Covid-19: Pandemic has disproportionately harmed children’s mental health, report findsBMJ 2022; 376 doi: https://doi.org/10.1136/bmj.o430 (Published 18 February 2022) Cite this as: BMJ 2022;376:o430
Data analysed by QualityWatch, a joint programme between the Nuffield Trust and the Health Foundation, show that the impact of covid-19 has led to an unprecedented increase in demand for mental health services for children and young people in England, most notably for eating disorders.
Jessica Morris, researcher at the Nuffield Trust, said, “In many ways, the wider effects of the pandemic and nationwide lockdowns on children and young people have been greater than the covid-19 infection itself. Despite being much less at risk of hospital admission from the virus, the youngest members of our society have not escaped unscathed and we can see a heavy toll on their mental wellbeing and access to health services.”
Key findings include:
● Between April and September 2021, there was an 81% increase in referrals for children and young people’s mental health services compared with the same period in 2019. The increase for adults (19 years and over) in the same period was 11%
● During the same period, there were over 15 000 urgent or emergency crisis care referrals for children and young people, a 59% increase compared with the same period in 2019
● One in five children and young people waited more than 12 weeks for a follow-up appointment with mental health services between April 2020 and March 2021
● The number of children and young people waiting to start treatment for a suspected eating disorder quadrupled from pre-pandemic levels to 2083 by September 2021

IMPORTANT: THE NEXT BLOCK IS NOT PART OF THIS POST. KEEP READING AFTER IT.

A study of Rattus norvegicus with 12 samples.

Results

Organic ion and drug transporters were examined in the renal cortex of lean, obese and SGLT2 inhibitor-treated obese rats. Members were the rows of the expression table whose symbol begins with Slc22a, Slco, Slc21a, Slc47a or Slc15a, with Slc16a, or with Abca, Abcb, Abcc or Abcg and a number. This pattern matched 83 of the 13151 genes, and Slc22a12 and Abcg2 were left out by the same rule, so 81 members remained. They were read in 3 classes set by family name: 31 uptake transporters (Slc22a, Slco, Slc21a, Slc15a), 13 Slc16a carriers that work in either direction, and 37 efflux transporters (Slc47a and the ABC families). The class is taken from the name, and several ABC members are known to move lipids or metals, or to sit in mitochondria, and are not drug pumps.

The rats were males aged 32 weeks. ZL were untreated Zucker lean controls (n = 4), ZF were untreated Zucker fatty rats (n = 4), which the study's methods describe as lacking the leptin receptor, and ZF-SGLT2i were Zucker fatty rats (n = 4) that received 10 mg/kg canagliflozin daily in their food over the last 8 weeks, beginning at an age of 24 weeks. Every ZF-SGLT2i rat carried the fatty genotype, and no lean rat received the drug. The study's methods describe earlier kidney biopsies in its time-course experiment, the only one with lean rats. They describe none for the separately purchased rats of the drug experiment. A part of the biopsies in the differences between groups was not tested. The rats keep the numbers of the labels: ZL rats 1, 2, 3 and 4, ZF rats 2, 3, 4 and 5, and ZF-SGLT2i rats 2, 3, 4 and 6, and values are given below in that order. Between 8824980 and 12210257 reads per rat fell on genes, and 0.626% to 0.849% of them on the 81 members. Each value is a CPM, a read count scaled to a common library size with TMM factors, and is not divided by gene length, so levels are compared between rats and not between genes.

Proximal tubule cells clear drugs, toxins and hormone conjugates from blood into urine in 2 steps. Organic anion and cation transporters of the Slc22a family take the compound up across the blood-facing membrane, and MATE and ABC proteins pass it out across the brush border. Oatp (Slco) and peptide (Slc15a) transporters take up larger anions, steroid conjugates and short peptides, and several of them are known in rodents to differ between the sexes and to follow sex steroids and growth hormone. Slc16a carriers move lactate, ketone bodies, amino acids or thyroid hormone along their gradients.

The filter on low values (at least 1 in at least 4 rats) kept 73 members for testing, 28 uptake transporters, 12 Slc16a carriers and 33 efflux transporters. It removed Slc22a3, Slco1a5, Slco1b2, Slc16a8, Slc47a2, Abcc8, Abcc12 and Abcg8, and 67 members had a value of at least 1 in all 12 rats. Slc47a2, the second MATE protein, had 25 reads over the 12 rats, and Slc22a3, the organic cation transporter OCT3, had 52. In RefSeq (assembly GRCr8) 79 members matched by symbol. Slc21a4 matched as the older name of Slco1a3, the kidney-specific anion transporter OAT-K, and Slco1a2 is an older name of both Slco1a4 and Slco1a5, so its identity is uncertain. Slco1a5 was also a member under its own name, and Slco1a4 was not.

● During the pandemic, the number of children and young people attending emergency departments primarily for an eating disorder doubled from 107 in October 2019 to 214 in October 2021.
The report also highlighted that by the winter of 2021 urgent referrals from a GP were up to 47% higher than pre-covid levels but routine referrals were the same or lower than previously.
Alongside this, the waiting list for planned paediatric hospital care grew 22% in seven months (from 245 654 in April 2021 to 300 465 in November 2021). This compared with a 17% increase for all planned services for all patients, including adults, over the same period.
In November 2021, nearly 1000 children and young people had been waiting over two years for paediatric hospital services. And in November 2021, 15.7% of children under 16 years old with suspected cancer waited longer than two weeks to see a consultant following an urgent GP referral (156 children out of 995 seen in total), up from 6% in November 2019.
Tim Gardner, senior policy fellow at the Health Foundation said, “Children and young people must be at the heart of the national recovery effort, including revisiting plans to expand access to mental health services to account for greater need and targeted action to address the backlogs in children’s health services.”